First Looks: Suzuki Kuiper 1562 WKS Notebook

Suzuki's Budget Onslaught

Suzuki's Budget Onslaught

Suzuki makes notebooks? Yes they do, and no they don't. Suzuki happens to be a local IT manufacturer who shares the same moniker as the Japanese automotive firm. The two, however, are unrelated. Suzuki isn't a neophyte to the laptop scene either, having already sprung a salvo of affordable 12 to 15-inch notebooks as well as netbooks to give budget hunters something to bite on.

Body and Soul

Our review unit in question is Suzuki's 15.6-inch Kuiper 1562 WKS. Its black matte top should come as a relief for those of you who detest glossy lids for being fingerprint magnets. The lid wasn't as tough as it looked though, for it exhibited a degree of flex when stressed. Fortunately, the wrist rest wasn't as flimsy.

The touchpad doesn't support multi-touch, although its scrolling function was adept in instances like navigating the browser for example. The Kuiper's well-spaced, chiclet keys reminded us of the ones found on MacBooks or VAIOs, but Suzuki is not the first vendor to be inspired by Apple or Sony designs.

Just above the keyboard sits three hardware keys. One's designed to start Windows Mail, one's for the browser and the other is meant for switching to the notebook's silent mode by throttling down the fan. There's also a bunch of LED indicators situated right at the lip, but be forewarned that they're really tiny so you'll probably need to squint to figure out what they mean.

Interface-wise, expect the basics with this notebook. There are three USB ports, an ExpressCard slot and a 7-in-1 card reader for the casual traveler. Interestingly, we also found HDMI and eSATA ports on the unit covered by rubber stoppers. The fact that they were not listed in the specs might hint at a different retail configuration or for future expansion perhaps.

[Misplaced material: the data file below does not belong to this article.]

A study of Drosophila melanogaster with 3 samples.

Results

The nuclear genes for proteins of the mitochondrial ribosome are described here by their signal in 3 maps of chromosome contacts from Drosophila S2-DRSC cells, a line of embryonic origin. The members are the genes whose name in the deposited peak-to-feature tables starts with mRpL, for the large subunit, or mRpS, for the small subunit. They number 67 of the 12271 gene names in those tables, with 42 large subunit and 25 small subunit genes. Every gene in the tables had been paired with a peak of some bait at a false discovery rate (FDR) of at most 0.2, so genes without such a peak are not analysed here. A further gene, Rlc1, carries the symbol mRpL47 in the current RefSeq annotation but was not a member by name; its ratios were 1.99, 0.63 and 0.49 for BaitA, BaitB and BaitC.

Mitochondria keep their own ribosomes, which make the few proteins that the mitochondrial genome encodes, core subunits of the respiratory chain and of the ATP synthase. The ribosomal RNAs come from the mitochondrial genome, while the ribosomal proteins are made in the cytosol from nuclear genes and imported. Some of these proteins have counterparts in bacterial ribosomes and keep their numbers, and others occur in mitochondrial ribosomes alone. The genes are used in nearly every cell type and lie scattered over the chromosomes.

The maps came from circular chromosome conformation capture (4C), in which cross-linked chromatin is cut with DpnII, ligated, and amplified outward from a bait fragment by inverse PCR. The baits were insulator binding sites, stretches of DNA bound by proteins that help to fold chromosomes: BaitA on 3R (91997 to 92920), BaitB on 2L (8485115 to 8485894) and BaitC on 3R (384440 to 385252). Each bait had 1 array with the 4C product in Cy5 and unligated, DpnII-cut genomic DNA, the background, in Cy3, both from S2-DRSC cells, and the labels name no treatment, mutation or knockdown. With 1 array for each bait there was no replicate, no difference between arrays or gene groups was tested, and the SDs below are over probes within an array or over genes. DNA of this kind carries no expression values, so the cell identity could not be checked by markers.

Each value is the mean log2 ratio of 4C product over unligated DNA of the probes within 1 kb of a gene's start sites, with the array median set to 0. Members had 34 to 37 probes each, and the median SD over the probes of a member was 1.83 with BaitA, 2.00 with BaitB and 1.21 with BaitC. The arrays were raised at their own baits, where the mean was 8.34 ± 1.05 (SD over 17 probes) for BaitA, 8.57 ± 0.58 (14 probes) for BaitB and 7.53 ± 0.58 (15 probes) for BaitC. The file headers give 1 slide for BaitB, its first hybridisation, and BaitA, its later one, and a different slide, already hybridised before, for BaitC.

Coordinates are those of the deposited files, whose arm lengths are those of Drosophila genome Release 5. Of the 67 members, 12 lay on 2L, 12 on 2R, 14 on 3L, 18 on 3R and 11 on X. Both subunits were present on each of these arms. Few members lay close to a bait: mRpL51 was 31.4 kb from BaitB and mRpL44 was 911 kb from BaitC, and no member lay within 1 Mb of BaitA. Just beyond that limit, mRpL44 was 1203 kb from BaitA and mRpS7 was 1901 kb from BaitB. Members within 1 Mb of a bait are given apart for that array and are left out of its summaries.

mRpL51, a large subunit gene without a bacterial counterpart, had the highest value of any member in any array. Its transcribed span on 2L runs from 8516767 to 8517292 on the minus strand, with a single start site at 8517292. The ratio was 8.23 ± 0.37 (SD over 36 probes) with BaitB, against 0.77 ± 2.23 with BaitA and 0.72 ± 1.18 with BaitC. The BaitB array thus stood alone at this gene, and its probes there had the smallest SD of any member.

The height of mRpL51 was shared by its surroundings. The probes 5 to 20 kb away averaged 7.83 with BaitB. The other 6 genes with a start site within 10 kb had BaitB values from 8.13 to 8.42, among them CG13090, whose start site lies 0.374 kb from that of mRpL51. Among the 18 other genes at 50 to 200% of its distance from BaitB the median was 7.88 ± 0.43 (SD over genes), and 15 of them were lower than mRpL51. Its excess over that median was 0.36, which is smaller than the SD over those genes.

The Kuiper came with a 1366 x 768 screen resolution that offered exemplary horizontal viewing angles. Naturally, as with most mainstream LCD displays, it didn't do so well on the vertical axis, being vulnerable to color and contrast shifts.

With notebooks these days commonly pre-installed with unnecessary software, the Suzuki Kuiper is a pleasant exception. Other than its 64-bit Windows Vista Home Basic OS, the only other third-party application is the BisonCam software designed for its 1.3MP camera. It's refreshingly clean, without annoying trial applications to leech your resources.

Testing the Brains

We'll weigh the Kuiper against the Dell Studio XPS 1640 since the latter is in a similar category with its 16-inch screen size, though their specifications differed. The Kuiper did fairly well on PCMark Vantage with a system score of 3140 compared to the Dell's 3448. Keep in mind that the Dell is using a much hunkier Core 2 Duo T9400 processor at 2.53GHz, versus Suzuki's 2.0GHz, Core 2 Duo T6400 chip.

Meanwhile, the Kuiper's graphics is from NVIDIA's G100M line and scored an average of 2444 3DMarks. This was way shy of the Dell's score of 5035, which uses an ATI Mobility Radeon HD3670 GPU. It's an indication that while the Kupier should be able to tackle modest 3D games, it won't be adequate for intensive ones like GTA4 for example. To add, its 6-cell battery was rather underpowered for such a large notebook, lasting a mere 94 minutes in our DVD playback test.

Concluding Thoughts

Undoubtedly, Suzuki's wallet-friendly piece is set to steal some eyeballs from its competitors, although the cut-rate Kupier is still far from being the ultimate workhorse due to its average performance quotient. If you're looking for a real monster, maybe the ASUS G51 might be a better choice. Just be prepared to pinch your pennies a little more.